Part One of a Five-Post Series about one woman’s experiences with her son who has autism.
I will forever remember the day…
It was a beautiful Saturday afternoon, and my 3-year-old twins and I were off to a birthday party for one of our closest friends. When I pulled up my heart sank…it was at a duck park.
To most the location would mean nothing, but my stress factor rose immediately. Mikey and Tommy got out of the car, and Tommy immediately ran over to the ducks. Mikey’s attempts to convince his brother to join the other kids proved fruitless.
My friends saw my angst as I was pulled in separate directions. They took Mikey under their wing for the millionth time. For more than an hour, Tommy chased the ducks, over and over. My heart sank with every time I tried to get him to join the party… these were his friends – what was going on?
Deep inside I knew. All my worries about Tommy ran through my head… his barely having any words, lack of eye contact, extreme picky eating, tantrums, complete ignorance when someone was speaking to him, twisting his wrists, focus on certain toys, his knowledge of our driving routes and the anger when we did not go the way he wanted…
And most of all, the way he hugged me.
As the day went on, Tommy left the ducks once and joined the kids for some play with musical instruments. I was elated, but just as I sighed to myself, Tommy grabbed his ears and dropped to the ground in the midst of the crowd.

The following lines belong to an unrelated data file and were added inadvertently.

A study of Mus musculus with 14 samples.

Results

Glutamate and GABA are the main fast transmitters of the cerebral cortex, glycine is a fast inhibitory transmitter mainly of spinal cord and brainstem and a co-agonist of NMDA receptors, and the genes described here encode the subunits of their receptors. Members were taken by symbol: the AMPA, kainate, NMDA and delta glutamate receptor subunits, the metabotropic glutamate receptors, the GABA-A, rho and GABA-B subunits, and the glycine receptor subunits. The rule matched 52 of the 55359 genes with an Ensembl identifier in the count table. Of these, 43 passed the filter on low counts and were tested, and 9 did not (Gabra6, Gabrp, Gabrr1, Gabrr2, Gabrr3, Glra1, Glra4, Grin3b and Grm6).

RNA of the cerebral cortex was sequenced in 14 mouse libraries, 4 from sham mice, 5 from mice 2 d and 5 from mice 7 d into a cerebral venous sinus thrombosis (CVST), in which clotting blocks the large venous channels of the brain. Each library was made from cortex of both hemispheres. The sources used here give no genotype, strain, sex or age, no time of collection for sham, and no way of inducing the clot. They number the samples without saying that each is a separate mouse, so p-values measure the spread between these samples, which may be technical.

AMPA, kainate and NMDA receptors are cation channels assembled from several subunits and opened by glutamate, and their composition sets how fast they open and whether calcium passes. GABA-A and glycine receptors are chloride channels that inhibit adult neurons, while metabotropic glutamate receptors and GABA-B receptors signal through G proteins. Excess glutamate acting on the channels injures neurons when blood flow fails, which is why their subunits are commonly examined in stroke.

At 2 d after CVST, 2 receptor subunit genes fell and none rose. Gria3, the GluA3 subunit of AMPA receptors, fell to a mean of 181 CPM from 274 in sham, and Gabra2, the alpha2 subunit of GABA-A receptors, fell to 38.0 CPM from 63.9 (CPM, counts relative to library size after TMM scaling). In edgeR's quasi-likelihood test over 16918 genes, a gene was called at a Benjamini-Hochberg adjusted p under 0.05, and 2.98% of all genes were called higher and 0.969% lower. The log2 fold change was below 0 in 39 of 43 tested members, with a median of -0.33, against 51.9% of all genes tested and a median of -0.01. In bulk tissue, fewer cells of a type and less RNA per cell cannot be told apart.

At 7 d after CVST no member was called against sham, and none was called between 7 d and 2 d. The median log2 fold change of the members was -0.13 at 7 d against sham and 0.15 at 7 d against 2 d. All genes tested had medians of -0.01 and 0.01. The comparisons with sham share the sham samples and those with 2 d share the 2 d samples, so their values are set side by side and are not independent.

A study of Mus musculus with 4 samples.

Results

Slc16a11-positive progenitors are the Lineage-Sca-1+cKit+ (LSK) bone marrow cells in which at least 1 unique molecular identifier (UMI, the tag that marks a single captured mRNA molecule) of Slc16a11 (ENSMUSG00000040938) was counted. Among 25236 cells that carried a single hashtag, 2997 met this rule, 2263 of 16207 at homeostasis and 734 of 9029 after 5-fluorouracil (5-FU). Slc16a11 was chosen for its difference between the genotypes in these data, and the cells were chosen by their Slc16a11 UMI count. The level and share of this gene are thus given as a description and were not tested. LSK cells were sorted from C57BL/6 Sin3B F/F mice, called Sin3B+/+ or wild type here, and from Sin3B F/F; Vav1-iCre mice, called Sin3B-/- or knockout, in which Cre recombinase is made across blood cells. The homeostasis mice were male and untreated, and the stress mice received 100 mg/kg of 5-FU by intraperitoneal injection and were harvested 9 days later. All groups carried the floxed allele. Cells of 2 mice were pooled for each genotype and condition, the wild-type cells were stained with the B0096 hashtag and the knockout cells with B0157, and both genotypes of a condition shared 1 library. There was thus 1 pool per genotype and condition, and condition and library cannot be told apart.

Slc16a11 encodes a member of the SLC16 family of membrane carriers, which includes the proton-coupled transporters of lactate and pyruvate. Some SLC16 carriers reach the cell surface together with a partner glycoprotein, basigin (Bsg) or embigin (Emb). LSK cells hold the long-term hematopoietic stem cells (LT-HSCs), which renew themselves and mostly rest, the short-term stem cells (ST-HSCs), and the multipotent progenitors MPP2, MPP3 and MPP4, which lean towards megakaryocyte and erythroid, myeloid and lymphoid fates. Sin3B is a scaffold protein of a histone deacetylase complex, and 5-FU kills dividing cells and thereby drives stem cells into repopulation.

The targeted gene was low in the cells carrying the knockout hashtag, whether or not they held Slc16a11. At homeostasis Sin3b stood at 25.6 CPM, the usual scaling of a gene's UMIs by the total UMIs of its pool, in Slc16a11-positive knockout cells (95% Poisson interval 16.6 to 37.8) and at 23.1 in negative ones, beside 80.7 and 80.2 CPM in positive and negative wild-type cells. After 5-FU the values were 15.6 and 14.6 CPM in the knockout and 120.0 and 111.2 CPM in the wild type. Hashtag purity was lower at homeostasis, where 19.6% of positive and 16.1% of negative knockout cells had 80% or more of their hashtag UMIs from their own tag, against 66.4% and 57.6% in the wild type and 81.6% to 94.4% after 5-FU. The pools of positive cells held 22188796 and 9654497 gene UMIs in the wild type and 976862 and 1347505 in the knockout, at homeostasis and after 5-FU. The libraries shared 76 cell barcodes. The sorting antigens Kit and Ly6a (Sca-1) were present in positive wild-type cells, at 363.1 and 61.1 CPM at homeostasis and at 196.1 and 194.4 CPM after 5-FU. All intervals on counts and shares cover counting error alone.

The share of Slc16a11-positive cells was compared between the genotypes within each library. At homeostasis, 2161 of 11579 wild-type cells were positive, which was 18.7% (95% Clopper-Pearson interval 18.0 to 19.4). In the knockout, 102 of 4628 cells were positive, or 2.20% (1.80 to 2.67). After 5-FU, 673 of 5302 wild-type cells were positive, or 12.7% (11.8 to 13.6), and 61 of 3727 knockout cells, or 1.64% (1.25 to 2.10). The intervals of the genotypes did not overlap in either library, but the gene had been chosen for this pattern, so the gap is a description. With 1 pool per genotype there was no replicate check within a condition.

My heart sank and tears welled in my eyes as I ran over to pick him up. Tommy immediately ran back to the ducks and remained there until the end of the party.
In that instant, I knew without hesitation Tommy had autism.
Autism had been on my mind since Tommy was about one year old and cried through his first birthday party. The word was that needle in my stomach telling me the twins were developing differently, but the doctors would tell me… He is a twin. He is a boy. You need to discipline him. Don’t worry.
As I look back there were always signs. Since he was mildly affected, it was easy to dismiss the warnings. Looking back they were there, and I was just not ready to see them. Mothers with kids on the autism spectrum always talk about mother’s intuition and how they just knew. I think it comes from the bond between a mother and child.
And you can feel it in the way they hug you. Tommy was reluctant to hug, and when he did it seemed as though it was without feeling and for mere seconds. While Mikey would throw his arms around every person who crossed our doorstep, Tommy would back away from friends and family.
The lack of hugs is the one thing that always pressed on my heart. That is one of the parts that is so difficult for parents… you are just looking for that huge hug and the “I love you moment,”… and as you feel them pull away from you as you hold them closer, a piece of your heart is pulled away, too.
A hug with your child with autism is like standing at a crossroads with a door between you. When you learn your child has autism you wonder… how do I unlock that door?
Before the doctors told you, did you already know somewhere in your heart? What was your catalyst moment that made your heart realize what was going on? What was your deepest fear at that moment?